Templates are master copies of virtual machines that you can use to deploy virtual machines that are customized and ready for use. Templates promote consistency throughout your vSphere environment. You can use the content library to store and manage templates of virtual machines and vApps. You can use VM templates and vApp templates to deploy virtual machines and vApps to a destination object, such as a host or a cluster.

Content libraries support two types of templates, the OVF Template type and the VM Template type.

In a content library, you can store and manage virtual machine templates as OVF templates or VM templates. vApps are always converted to OVF templates in the content library.

VM Templates in Content Libraries

A VM template is a template of a virtual machine. You create a VM template by cloning a virtual machine into a template.

A VM template can be either a vCenter Server inventory object, or a content library item.

In previous releases of vSphere, you could manage VM templates only through the vCenter Server inventory list. When you cloned a virtual machine or a VM template to a content library template, the resulting content library item was in an OVF format. Starting with vSphere 6.7 Update 1, local content libraries support both OVF templates and VM templates. You choose the type of template when you clone the virtual machine into the content library.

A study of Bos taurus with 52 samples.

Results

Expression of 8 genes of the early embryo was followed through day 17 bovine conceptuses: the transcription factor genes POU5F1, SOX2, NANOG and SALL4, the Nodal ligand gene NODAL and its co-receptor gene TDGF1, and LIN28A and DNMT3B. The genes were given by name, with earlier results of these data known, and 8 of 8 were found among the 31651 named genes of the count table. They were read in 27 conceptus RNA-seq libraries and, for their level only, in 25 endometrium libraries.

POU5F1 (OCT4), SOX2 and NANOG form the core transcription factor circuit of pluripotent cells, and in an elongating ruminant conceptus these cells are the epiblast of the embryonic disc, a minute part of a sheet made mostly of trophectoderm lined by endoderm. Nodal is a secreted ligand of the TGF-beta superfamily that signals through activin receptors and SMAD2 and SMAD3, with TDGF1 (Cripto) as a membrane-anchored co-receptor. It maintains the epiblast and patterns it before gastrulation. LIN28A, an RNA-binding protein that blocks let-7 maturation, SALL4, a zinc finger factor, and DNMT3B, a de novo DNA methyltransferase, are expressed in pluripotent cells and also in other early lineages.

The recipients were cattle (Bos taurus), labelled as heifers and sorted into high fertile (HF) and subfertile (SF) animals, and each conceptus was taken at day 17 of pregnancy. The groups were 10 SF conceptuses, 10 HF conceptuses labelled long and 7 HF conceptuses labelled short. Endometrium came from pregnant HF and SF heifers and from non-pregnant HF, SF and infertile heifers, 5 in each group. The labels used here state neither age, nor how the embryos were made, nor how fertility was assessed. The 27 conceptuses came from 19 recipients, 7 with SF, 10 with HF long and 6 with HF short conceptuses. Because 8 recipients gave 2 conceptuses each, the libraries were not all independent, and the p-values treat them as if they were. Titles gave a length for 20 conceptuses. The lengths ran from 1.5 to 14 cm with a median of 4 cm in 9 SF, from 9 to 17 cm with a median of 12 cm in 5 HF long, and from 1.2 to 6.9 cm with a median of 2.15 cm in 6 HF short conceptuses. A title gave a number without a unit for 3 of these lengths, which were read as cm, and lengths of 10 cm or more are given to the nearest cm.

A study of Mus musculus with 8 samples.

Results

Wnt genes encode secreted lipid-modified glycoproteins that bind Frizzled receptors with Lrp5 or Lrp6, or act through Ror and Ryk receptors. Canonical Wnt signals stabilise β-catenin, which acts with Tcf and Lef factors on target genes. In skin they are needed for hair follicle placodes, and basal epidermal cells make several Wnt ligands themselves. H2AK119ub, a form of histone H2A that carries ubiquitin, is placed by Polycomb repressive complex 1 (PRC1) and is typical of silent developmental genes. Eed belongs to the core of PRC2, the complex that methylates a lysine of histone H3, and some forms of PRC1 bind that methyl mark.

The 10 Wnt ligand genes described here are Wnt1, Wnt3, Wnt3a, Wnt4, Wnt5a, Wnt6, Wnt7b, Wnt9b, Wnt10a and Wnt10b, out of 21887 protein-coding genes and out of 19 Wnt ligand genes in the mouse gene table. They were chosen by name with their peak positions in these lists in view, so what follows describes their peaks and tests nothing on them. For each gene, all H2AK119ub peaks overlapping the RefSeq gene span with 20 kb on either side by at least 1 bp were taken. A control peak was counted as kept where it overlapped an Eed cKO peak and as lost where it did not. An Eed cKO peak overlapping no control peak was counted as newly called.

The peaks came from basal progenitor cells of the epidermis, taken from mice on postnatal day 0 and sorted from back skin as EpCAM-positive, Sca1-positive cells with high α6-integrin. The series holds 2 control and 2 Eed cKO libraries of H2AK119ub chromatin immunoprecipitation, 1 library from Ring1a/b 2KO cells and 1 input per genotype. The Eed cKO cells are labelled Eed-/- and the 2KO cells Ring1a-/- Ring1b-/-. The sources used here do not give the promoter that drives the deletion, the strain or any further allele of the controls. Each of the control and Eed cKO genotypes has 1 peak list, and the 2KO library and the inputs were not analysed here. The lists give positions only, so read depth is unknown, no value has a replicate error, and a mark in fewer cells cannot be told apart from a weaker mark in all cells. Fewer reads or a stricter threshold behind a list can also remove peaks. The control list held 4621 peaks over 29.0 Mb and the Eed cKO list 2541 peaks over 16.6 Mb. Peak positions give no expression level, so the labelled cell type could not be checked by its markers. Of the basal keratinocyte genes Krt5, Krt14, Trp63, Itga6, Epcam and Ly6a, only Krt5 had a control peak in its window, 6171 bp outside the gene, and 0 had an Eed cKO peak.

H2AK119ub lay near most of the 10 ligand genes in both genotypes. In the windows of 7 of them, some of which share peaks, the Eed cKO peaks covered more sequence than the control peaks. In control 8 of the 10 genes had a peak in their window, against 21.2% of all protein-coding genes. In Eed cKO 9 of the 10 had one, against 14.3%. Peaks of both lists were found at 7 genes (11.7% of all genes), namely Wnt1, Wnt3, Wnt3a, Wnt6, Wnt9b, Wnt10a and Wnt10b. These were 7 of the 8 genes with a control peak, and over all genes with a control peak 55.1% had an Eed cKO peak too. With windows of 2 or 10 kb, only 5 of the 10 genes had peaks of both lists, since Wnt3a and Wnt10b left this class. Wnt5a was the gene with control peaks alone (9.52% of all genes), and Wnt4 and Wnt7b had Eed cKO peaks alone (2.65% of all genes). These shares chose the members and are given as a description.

OVF Templates in Content Libraries

In a content library, an OVF template is either a template of a virtual machine, or a template of a vApp. When you clone a virtual machine into a template in a content library, you choose whether to create an OVF template or a VM template. However, if you clone a vApp into a template in a content library, the resulting content library item is always an OVF template. Because the OVF format is actually a set of files, if you export the template, all the files in the OVF template library item (.ovf, .vmdk, .mf) are saved to your local system.